Tunisia to adopt ‘health emergency’ bill as pandemic overwhelms system

Citizens complain of “unfair” distribution of vaccines and government laxity in imposing protective measures.
Wednesday 28/04/2021
Medical staff assist a patient suffering from the coronavirus disease (COVID-19), at an intensive care department at a hospital in Ariana, Tunisia, April 26, 2021. (AFP)
Medical staff assist a patient suffering from the coronavirus disease (COVID-19), at an intensive care department at a hospital in Ariana, Tunisia, April 26, 2021.(AFP)

TUNIS--The government announced Wednesday it will submit to parliament a “health emergency” bill that will help the authorities impose more stringent restrictions including stiffer fines to deal with an out-of-control pandemic.

It will also maintain measures already in place including closing schools and a 7pm curfew for cars and a 10pm curfew for the general public.

Incoming international travellers will face a “compulsory” seven-day confinement in designated locations.

Senior health official Nissaf Ben Alaya described the current situation as “very, very serious”.

Last week one of the government’s scientific advisers warned the health system was on the brink of collapse, with between 90-110 new patients in need of hospitalisation every day. Tunisia has only about 500 intensive care beds.

The medics at Abderahmen Mami hospital, in the capital’s Ariana district, are part of a health system pushed to its limit, with intensive care wards filled by a new surge in COVID-19 cases that has outstripped a vaccination campaign limited by short supplies.

Dressed in a full protective suit, with only the band of her face between her mask and hair cap exposed, nurse Soumaya Ben Dhabou said the demand for oxygen and intensive care treatment was growing.

“The beds we have are full and we do not have vacancies,” she added.

Ben Dhabou and other medics at Abderahmen Mami hospital were working flat out this week, tending to intubate patients in the hospital’s 20 intensive care beds, whose chests rose and fell slowly to the backdrop of beeping machines.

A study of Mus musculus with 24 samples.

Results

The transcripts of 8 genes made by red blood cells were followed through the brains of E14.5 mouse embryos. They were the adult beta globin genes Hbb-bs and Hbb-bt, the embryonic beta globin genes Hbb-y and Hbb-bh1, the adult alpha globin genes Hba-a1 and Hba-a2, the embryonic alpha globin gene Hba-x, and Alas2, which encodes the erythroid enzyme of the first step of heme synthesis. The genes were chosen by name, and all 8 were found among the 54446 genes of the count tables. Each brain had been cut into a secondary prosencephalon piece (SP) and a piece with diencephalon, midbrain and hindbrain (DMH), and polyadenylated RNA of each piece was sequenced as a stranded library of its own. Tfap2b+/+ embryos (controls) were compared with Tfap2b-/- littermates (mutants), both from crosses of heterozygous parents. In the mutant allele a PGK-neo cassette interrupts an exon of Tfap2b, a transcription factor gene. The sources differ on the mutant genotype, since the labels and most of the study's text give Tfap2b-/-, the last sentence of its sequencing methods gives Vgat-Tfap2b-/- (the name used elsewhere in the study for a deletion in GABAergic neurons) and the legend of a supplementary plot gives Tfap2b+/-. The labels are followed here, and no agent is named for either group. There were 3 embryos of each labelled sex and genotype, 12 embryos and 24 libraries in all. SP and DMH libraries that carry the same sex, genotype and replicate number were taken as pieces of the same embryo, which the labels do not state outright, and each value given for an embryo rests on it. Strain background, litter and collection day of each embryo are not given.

Jalila Ben Khalil, a member of the government’s scientific committee, who last week warned of a collapse in Tunisia’s healthcare system, said the state should declare a health emergency and implement new measures.

When the global pandemic hit last year, the government locked down the country for two months, delaying the arrival of a COVID-19 surge until the autumn but at a heavy cost for a poor, indebted economy. Last June it abruptly lifted all travel bans without taking any precautions.

As the latest wave has overwhelmed hospitals, the profile of patients is younger and includes more of those without chronic diseases, Ben Dhabou said. “After a year of fighting the virus, the medical and paramedical staff are exhausted,” she added.

Tunisia is receiving vaccinations through the World Health Organisation’s COVAX scheme, but the rate of delivery is slow. At a vaccination centre this week, elderly people sat for hours waiting for their jabs.

About 300,000 people have been vaccinated so far from the total population of 12 million, with about 13,000 jabs administered each day.

A great deal of confusion has however surrounded the vaccination rollout . Senior citizens and people with chronic diseases continue to complain about being left out of the immunisation drive even though theoretically they are on the vaccination priority list.

Some have even alleged that the online registration platform is being “manipulated” by unknown parties to offer undue privileges to individuals and groups of the population at the expense of others. They offer no evidence for their suspicions except the cases documented on social media of non-priority citizens being vaccinated.

The government has also confirmed that senior government officials have been vaccinated.

Independent NGO I-Watch has protested the many “irregularities” affecting the fairness of the vaccination campaign.

Experts believe tensions are rising because of the insufficient vaccination stocks as the government was late in ordering the required quantities of jabs due to political instability since last year.